Emergency care systems play a vital role in the health care of a country. Many global communities require strengthening of emergency services and training of health care workers to meet the growing need for emergency care services.
The Stanford Global Emergency Medicine Fellowship is a two-year program with an option to obtain an associated Master's degree (MPH, MEHP, Ms-PopH). Stanford Emergency Medicine International and the global health fellowship program focus on human development through education, emergency care systems strengthening, and research.
Fellows build the skills necessary to collaborate with global partners on a variety of ongoing international health programs, helping them focus their future careers.
Stanford Department of Emergency Medicine partners with local governments, NGOs, private organizations, and international aid agencies on a number of projects, including:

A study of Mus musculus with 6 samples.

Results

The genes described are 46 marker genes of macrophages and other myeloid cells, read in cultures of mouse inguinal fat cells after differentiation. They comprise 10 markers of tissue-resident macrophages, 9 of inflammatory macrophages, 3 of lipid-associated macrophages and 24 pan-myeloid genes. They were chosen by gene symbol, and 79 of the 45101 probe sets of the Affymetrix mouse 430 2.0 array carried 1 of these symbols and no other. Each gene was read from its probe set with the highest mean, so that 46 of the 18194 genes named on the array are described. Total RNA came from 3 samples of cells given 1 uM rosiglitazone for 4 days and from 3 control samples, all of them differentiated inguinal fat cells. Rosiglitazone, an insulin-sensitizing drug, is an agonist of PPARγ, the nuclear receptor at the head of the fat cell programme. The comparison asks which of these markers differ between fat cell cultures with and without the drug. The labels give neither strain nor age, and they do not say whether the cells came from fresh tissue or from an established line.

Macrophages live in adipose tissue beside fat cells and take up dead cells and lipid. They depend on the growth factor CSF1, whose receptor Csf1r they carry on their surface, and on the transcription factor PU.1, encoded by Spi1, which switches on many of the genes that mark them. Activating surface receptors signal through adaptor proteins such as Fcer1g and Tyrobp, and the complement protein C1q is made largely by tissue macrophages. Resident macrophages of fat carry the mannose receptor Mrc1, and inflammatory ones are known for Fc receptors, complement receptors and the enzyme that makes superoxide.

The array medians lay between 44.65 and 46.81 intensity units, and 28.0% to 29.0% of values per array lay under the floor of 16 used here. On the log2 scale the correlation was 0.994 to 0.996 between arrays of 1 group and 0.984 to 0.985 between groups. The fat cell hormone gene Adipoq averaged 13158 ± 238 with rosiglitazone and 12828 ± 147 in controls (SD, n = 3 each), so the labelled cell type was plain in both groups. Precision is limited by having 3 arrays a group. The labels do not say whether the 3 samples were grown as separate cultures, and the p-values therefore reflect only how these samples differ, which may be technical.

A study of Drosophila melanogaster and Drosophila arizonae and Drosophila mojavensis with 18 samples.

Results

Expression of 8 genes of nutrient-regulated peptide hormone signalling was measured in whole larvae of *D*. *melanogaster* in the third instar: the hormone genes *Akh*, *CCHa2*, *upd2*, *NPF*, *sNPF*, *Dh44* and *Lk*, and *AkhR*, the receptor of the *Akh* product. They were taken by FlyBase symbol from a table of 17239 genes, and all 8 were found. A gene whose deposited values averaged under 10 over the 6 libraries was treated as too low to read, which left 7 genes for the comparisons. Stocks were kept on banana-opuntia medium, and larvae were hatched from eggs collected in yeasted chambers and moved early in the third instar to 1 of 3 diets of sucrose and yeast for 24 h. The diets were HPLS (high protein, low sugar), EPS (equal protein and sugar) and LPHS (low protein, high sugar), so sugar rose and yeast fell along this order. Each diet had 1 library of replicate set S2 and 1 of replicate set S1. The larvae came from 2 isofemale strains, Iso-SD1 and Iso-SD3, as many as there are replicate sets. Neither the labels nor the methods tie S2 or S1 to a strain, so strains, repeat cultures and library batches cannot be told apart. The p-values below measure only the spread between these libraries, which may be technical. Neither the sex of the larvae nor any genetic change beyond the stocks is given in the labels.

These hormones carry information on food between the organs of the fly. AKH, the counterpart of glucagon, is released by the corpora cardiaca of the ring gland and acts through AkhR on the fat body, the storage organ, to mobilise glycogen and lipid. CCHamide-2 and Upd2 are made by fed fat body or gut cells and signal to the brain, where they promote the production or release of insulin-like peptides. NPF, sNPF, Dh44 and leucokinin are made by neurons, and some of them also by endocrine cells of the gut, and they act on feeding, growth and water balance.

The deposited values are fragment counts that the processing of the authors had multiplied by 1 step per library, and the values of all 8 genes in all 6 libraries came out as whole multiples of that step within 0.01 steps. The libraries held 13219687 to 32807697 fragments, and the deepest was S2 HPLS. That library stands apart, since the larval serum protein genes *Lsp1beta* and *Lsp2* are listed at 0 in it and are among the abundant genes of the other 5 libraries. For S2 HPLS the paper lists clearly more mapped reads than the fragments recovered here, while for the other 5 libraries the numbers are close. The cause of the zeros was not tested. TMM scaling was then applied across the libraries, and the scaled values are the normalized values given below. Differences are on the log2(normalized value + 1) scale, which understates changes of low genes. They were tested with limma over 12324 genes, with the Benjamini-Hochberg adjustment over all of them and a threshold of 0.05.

- EMS development,
- emergency medicine education,
- rural health initiatives,
- trauma system development
In addition to gaining valuable exposure to multiple projects in different stages of development, fellows:
- Collaborate with stakeholders in different countries (eg, EMT students in India, EM residents in Rwanda)
- Teach highly engaged Stanford residents and medical students in a busy clinical setting
Focus is on the skills necessary to work in cooperation with local health care providers and government officials to assess international health care systems and identify pertinent emergency medical health issues. After identifying the needs of the local community, fellows will learn to develop, implement, and integrate programs that address these challenges. The fellow’s specific areas of interest will dictate the core activities.
Fellows gain valuable experiences and training specific to their interests and goals, and fellows are encouraged to pursue an advanced degree (eg, MPH, MedEd, etc).
Fellowship goals follow the outlines put forth by the Society of Academic Emergency Medicine and the American College of Emergency Physicians.